As the news industry continues to shrink due to labor cuts potential college graduates may be weary of entering the journalism field, and for good reason. In 2014 reporters and correspondents held about 49,300 jobs, while the industry job prospect forecast for reporters, correspondents, and broadcast news analysts is expected to decline by 9 percent, or 7,100 journalists within the next eight years. These statistics raise an important question in the industry: is the fourth estate slowly dying?
Are journalism and the news industry slowly dying?
Because of numerous job cuts in the past decade, journalists are overburdened by covering numerous stories at irregular hours. They often work overtime at random hours, seven days a week. News around the world doesn’t take a break, so many journalists are forced to continually work for very little benefit.
The annual median salary for a newspaper journalist is $37,200, or around $16 an hour. The lowest 10 percent earned less than $21,390, or about $10 an hour and the highest 10 percent earned more than $81,580.
In order to become a salaried journalist many newspapers expect candidates to have earned a bachelor’s degree in the communications field as well as have multiple internships with various clips to showcase in their portfolio.
Student loan debt is currently at record highs; according to the Institute for College Access & Success, students who graduated from college owe an average of $30,100 per borrower.
While journalists don’t pursue the career for the pay, the fast paced environment, constant need to meet deadlines and to be the first reporter to publish a news story on a breaking subject, additional hours, irregular work schedule and low pay quickly contribute to journalist burnout.
Most journalists are also considered “jack-of-all-trades, masters of none” because they now cover a wide variety of beats and have to record video, take photos of the events they report on, manage social media, learn and utilize advancing technology to create their stories.
These job aspects combined with increased layoffs, a declining industry, as well as taking on more work for less pay have caused many journalists to quickly transfer to more lucrative fields such as public relations.
News Print is Still Popular, But Not For Long
While the internet continues to grow as the popular information hub for all audiences, 2.7 billion people around the world read newspapers in print while 770 million consume their news on desktop digital platforms. Surprisingly, more than 93 percent of newspaper revenue also still comes from print, although digital advertisement spending will increase by 59 percent over the span of five years.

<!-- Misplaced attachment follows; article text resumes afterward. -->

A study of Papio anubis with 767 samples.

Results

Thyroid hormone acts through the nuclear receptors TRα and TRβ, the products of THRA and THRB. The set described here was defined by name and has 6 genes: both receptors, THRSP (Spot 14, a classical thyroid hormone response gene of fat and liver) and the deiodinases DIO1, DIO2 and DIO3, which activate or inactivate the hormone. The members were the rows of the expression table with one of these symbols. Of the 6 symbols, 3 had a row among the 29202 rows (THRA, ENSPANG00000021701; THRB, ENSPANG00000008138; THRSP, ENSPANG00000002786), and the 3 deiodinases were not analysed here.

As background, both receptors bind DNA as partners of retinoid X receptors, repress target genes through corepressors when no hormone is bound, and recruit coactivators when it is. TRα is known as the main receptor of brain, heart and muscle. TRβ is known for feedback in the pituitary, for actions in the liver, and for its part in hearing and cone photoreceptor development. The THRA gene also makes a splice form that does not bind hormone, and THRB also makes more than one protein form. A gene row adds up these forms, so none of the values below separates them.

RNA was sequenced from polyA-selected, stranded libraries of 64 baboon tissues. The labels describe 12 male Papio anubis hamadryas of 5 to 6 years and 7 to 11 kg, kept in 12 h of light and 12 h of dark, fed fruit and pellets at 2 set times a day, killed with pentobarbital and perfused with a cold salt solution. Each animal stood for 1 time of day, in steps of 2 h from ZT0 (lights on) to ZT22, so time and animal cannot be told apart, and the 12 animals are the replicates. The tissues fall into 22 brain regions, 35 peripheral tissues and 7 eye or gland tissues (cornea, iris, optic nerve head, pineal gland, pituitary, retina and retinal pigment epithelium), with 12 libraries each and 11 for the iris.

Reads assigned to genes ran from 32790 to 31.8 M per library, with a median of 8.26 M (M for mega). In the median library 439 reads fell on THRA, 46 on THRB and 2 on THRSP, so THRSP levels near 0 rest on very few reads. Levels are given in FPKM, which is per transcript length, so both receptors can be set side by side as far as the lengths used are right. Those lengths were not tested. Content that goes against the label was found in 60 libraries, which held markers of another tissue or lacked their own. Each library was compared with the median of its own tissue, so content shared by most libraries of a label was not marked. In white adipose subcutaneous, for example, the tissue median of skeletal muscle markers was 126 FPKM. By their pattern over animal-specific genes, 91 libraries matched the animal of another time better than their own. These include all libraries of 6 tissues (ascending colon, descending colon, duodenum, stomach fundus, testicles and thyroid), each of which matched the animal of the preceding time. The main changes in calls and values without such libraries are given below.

It’s crucial that newspapers appeal to these audiences while coming up with an effective revenue model for advertisements and subscriptions to read articles posted online, as print advertising worldwide is projected to decline by 17.51 percent over five years.
The Future is Mobile
According to the World Association of Newspapers and News Publishers eight out of 10 smartphone users check their device within 15 minutes of waking up. Sean Valant, social media manager at HostGator, listed that 2.4 billion people use the internet worldwide. About 70 percent of them use the internet every day.
According to Valant social networking users also spend an average of 3.2 hours a day on social networking websites. As an example Facebook has attracted over one billion users; half of them log in to Facebook every day and 28 percent of 18-34 year olds check Facebook before getting out of bed.
Twitter holds over 288 million active monthly users, Instagram holds 75 million daily users and Tumblr averages 420 million monthly users.
Digital News Offers More Bang For Your Buck
Advances in technology have allowed for more comprehensive story-telling, including longer headlines and articles, photo galleries, infographics as well as videos and audio clips.
Print newspapers are limited in physical space, which forces journalists to write extremely short articles with five word headlines and a photo or two to go along with the story. Compared to print, the possibilities in the digital world are nearly limitless.
Journalism isn’t dying: it needs to adapt to the digital age and embrace the change that the field is currently undergoing. The journalism is evolving and the industry needs to evolve alongside the digital age.
That being said, the fourth estate isn’t the best place to get a job as of 2016. While the opportunities and experiences that a journalist has access to are second to none, anyone seeking a job should be ready for low pay, quick burnout and a high possibility of losing the job they worked hard to gain.